مقیاس و توپولوژی در پارادایم پایداری اقتصاد محیط زیست
|کد مقاله||سال انتشار||مقاله انگلیسی||ترجمه فارسی||تعداد کلمات|
|8689||2002||6 صفحه PDF||سفارش دهید||محاسبه نشده|
Publisher : Elsevier - Science Direct (الزویر - ساینس دایرکت)
Journal : Ecological Economics, Volume 41, Issue 2, May 2002, Pages 361–366
An ecologically sustainable scale of the economic system requires inclusion of spatial-temporal dimensions and topological relationships. While Herman E. Daly and Marcus Stewen have deliberated some of the issues surrounding economic scale in their papers (“Allocation, distribution and scale: Towards an economics that is efficient, just and sustainable” [Ecol. Econ. 6 (1992) 185], “The interdependence of allocation, distribution, scale and stability—A comment on Herman E. Daly's vision of an economics that is efficient, just and sustainable” [Ecol. Econ. 27 (1998) 119] and letters to the editor [Ecol. Econ. 30 (1999) 1], [Ecol. Econ. 30 (1999) 2], they do not address spatio-temporal constraints on ecological processes. Although Daly frames the scale of the economy based on sustainable throughput of resources relative to the environment, the pragmatic approach to defining this sustainable scale must incorporate other dimensions of scale. While Daly [Ecol. Econ. 6 (1992) 185], [Ecol. Econ. 30 (1999) 1] correctly promotes a logical sequence of policy instruments, scale should indeed elicit dependence from allocation and distribution decisions. Stewen's [Ecol. Econ. 27 (1998) 119], [Ecol. Econ. 30 (1999) 2] arguments included that these instruments have co-evolutionary interdependencies, but such arguments do not guarantee economic nor ecological sustainability. A more useful definition of sustainable economic scale includes spatial and temporal dimensions, scale constraints and topological relationships as they are framed by ecological components and processes. The spatial scale of the global economy is large, but temporally the global economy is diminutive: two characteristics that typically define catastrophic events in ecological parlance. Using a spatio-temporal framework, Daly's boat analogy can be extended to real-world linkages and possible solutions through supplementing the current view of economic scale with spatio-temporal distance and topology.
The debate between Daly, 1992 and Daly, 1999 and Stewen, 1998 and Stewen, 1999 continues to improve how a sustainable scale of economic structures and systems is defined. In this commentary, we argue that ecological and economic sustainability imply both intragenerational spatio-temporal distribution and allocation issues as well as relations of trade formed between units and framed by topological linkages. Since there is a need to incorporate space over which economic activity is undertaken, we elaborate Daly's (1992) definition of economic scale based on comprehensive scale definitions (such as Csillag et al., 2000 and Gibson et al., 2000). We agree with Daly's (1992, 1999) premise of a logical sequence of economic policy instruments that promotes scale to be the primary instrument required in decision-making for sustainability. Stewen's (1998, 1999) view of interdependence contributes to the idea of mutual reliance of policy tools. However, according to hierarchical scaling paradigms (for ecological context see Allen and Hoekstra, 1992), allocation and distribution must be dependent on scale, although these former policy instruments may indeed be mutually interdependent. While containment of economic instruments can be determined, the idea of sustainable dependence remains insufficient without understanding constraints of ecological systems and topological relationships. We, therefore, argue that a sustainable scale of economic systems requires applied knowledge of the spatio-temporal constraints of ecological systems and linkages.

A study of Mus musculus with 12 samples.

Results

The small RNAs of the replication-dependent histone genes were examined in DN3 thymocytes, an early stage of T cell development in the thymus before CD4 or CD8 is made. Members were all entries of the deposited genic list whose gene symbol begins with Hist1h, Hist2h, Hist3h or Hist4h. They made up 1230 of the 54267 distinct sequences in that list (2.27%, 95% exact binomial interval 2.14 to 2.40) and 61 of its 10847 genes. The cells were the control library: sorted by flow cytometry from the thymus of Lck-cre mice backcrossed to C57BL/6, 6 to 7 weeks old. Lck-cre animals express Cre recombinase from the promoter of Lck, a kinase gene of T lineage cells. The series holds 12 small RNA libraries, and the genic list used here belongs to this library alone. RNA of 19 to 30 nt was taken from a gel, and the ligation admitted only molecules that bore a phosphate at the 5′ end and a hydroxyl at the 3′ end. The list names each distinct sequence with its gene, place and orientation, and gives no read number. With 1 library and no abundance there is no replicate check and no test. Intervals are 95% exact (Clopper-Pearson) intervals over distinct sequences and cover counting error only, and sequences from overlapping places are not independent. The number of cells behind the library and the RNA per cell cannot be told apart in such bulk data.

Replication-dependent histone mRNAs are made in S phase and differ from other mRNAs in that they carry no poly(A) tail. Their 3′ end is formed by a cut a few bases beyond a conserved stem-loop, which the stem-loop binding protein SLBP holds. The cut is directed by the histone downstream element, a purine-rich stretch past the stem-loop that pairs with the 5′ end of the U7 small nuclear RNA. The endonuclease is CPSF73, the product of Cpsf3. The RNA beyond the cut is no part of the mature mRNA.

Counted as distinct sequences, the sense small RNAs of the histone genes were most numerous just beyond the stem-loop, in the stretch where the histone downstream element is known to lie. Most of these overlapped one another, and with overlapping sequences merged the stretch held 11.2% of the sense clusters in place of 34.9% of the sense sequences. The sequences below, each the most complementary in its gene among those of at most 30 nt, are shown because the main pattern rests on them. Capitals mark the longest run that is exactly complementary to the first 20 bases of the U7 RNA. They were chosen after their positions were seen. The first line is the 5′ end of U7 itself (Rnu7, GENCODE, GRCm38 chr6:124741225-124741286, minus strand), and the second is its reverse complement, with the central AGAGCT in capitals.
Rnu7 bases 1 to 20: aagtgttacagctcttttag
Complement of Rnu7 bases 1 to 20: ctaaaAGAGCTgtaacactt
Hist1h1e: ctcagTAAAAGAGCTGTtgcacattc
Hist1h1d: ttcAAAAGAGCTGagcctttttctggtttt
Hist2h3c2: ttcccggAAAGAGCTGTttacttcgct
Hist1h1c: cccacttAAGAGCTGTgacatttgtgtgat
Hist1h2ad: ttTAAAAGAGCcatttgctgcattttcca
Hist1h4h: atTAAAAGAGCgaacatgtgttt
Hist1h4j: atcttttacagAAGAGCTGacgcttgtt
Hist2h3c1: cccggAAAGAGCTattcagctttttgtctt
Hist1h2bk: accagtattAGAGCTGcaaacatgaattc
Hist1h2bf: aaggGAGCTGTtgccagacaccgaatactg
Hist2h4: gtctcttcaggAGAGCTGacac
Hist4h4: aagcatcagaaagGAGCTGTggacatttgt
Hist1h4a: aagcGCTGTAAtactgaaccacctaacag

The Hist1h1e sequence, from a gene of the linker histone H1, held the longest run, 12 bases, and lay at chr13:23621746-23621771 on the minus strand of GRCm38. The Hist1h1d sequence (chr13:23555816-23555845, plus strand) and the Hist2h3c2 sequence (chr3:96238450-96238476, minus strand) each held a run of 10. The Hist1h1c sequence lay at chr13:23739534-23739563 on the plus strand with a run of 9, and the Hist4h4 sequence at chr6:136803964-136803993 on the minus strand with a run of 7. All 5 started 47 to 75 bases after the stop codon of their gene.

نتیجه گیری انگلیسی
That economists are considering economic scale is heartening to spatial scientists who spend their careers researching space and scale issues. Daly's concept of economic scale is a suitably parsimonious model, providing a best point of departure for discussions regarding sustainability and indeed, for enriching the model in order to apply it. However, it is essential to clarify the terminology of scale in economics to bring it into line with the current science of scale (see also Levin, 1992, Goodchild and Quattrochi, 1997 and Marceau, 1999). Some research, such as transforming the discount rate to spatial dimensions (Perrings and Hannon, 1997, Steininger, 1999 and Perrings and Hannon, 2001) and the ecological footprint analysis (Wakernagel and Rees, 1996), does indeed incorporate the value of the spatial dimension. Coupling the scale issue (both spatial and temporal) with economics is paramount for attaining a richer understanding of sustainability and the distribution of both economic and ecological impacts. Intragenerational issues of spatial scarcity and heterogeneity of allocation and distribution comprise one of the two critical scale elements in a framework of sustainability. The other is temporal scale with respect to ecological turnover times and the rate at which we use resources and dispose of wastes, together with how future generations will be affected by environmental lags. Inseparably alloyed to the scale issue are topological relationships in ecological systems, which require respect for, and maintenance of, their integrity and services. Thus, sustainability is a scale and topology issue, requiring not just size of the economy in resource use per capita, but such an ecological value linked over space and time. These issues, in general, emphasize the need for increased multidisciplinary collaboration and integration of research by ecologists and economists. It is encouraging to be further enlightened and challenged by commentaries such as those provided by Daly and Stewen in continued refining of the understanding of sustainability.